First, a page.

SACRAMENTO, Calif. – Calling planned power outages affecting more than 700,000 people “unacceptable,” Governor Gavin Newsom on Monday demanded Pacific Gas and Electric pay rebates to customers affected by its widespread electricity shutoffs aimed at preventing wildfires.
“Californians should not pay the price for decades of PG&E’s greed and neglect,” Newsom said in a statement Monday.
Hoping to avoid a repeat of catastrophic fires caused by its equipment in 2017 and 2018, PG&E cut power to about 738,000 customers in 34 counties last week amid forecasts of strong and dry winds, conditions that increase the risk of wildfires. Critics, including the governor, say these power outages could have been avoided had PG&E been maintaining its equipment and vegetation around power lines as required by state law.
The company announced Saturday it had fully restored power to all customers. In an update Monday night, PG&E said it found 100 incidents of weather-related damage to its electric system after inspecting 25,000 miles of distribution lines and 2,500 miles of transmission lines.
On Monday, Newsom urged PG&E to provide rebates of $100 to customers and $250 to small businesses to provide “some compensation for their hardships.”
The governor also penned a letter to Marybell Batjer, president of the California Public Utilities Commission, urging her to launch a “comprehensive review” of PG&E’s public safety power shutoff program.
Accusing PG&E of “astounding neglect and lack of preparation” in how it implemented the program, Newsom implored the commission to take “concrete and expedited steps” to limit PG&E’s use of power shutoffs in the future, especially in terms of the scope and duration of power outages.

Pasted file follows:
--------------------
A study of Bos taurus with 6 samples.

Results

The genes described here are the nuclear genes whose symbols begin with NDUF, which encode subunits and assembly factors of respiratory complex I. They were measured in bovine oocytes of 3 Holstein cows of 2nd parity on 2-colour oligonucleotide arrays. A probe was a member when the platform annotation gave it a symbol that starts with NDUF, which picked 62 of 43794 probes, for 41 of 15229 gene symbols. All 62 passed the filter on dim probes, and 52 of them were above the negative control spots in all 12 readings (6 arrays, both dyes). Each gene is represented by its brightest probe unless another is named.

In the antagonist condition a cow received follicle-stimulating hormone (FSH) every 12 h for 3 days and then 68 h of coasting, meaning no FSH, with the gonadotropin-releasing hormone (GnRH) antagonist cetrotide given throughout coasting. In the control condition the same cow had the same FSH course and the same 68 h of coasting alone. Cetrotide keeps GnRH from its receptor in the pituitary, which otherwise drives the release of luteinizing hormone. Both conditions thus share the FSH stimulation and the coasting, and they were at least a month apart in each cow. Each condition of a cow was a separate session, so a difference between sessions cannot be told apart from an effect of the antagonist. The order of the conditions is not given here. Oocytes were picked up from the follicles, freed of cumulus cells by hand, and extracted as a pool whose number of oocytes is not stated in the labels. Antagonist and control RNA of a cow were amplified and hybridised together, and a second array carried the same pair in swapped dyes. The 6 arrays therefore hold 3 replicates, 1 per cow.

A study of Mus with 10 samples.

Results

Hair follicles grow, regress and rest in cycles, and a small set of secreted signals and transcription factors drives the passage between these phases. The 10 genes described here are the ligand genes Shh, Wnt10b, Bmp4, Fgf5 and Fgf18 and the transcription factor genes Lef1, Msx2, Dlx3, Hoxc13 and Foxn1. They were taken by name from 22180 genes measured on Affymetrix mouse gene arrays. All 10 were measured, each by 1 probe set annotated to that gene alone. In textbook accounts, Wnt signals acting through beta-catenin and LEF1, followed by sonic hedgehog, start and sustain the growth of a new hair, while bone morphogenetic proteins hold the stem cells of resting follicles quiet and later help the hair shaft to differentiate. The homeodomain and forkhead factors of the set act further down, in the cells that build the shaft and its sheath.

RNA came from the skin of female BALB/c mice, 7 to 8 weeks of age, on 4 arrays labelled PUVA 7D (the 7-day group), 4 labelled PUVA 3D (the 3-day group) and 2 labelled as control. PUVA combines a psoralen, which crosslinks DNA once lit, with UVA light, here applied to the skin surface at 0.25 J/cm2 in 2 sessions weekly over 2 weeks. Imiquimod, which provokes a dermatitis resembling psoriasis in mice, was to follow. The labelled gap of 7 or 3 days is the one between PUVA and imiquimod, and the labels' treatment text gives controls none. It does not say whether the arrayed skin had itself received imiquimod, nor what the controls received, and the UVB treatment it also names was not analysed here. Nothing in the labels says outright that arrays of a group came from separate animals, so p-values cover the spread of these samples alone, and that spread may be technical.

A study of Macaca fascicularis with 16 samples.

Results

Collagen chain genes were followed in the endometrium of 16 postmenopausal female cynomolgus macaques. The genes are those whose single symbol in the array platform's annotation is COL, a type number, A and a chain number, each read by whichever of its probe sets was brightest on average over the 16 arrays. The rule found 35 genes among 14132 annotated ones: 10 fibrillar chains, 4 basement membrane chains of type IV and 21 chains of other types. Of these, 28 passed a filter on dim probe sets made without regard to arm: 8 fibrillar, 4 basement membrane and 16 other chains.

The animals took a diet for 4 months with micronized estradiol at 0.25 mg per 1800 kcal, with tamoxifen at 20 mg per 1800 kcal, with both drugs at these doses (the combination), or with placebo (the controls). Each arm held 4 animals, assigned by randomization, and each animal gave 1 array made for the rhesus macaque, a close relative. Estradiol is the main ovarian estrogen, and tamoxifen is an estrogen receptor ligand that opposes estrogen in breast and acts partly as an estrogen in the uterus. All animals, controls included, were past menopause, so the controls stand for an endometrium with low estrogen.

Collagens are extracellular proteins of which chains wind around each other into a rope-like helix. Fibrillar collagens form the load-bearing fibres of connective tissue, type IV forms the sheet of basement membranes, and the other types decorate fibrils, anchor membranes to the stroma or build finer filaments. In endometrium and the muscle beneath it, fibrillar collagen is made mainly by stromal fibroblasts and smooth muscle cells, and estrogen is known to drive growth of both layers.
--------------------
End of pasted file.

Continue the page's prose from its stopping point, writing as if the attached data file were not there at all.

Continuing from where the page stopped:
“We must ensure accountability, especially when planning is poor and protocols are not followed,” Newsom said.
The governor said he would contact PG&E’s CEO Bill Johnson directly to urge him to provide affected customers automatic rebates of $100 to $250.
State Sen. Scott Wiener (D-San Francisco), who introduced legislation to force PG&E to compensate people and businesses for last week’s power blackouts, applauded the governor’s efforts in a statement Monday.
“I look forward to working with the governor to ensure we hold PG&E accountable for its actions,” Wiener said. “We must set a new standard for how PG&E treats Californians.”
PG&E said in a statement Monday that it received the governor’s letter and plans to issue a formal response.
“We know there are areas where we fell short of our commitment to serving our customers during this unprecedented event, both in our operations and in our customer communications, and we look forward to learning from these agencies how we can improve,” the company said, referring to times when its website, designed to inform customers about power outages, was down for hours.
The company said it understands the significant impact power blackouts have on customers, businesses, and communities. Nevertheless, the utility insisted it made “the right decision.”
“While we recognize this was a hardship for millions of people throughout Northern and Central California, we made that decision to keep customers and communities safe,” PG&E said.
The California Public Utilities Commission scheduled an emergency meeting for Friday, Oct. 18, at its San Francisco headquarters to discuss the power blackouts with top PG&E executives.
PG&E is currently engaged in a ramped-up effort to clear trees, limbs and other wildfire risks from around its power lines in high fire-risk areas. As of Oct. 1, the company reported completing 760 miles, or 31%, of the 2,455 miles it had planned to finish by the end of 2019 as part of its enhanced vegetation management program.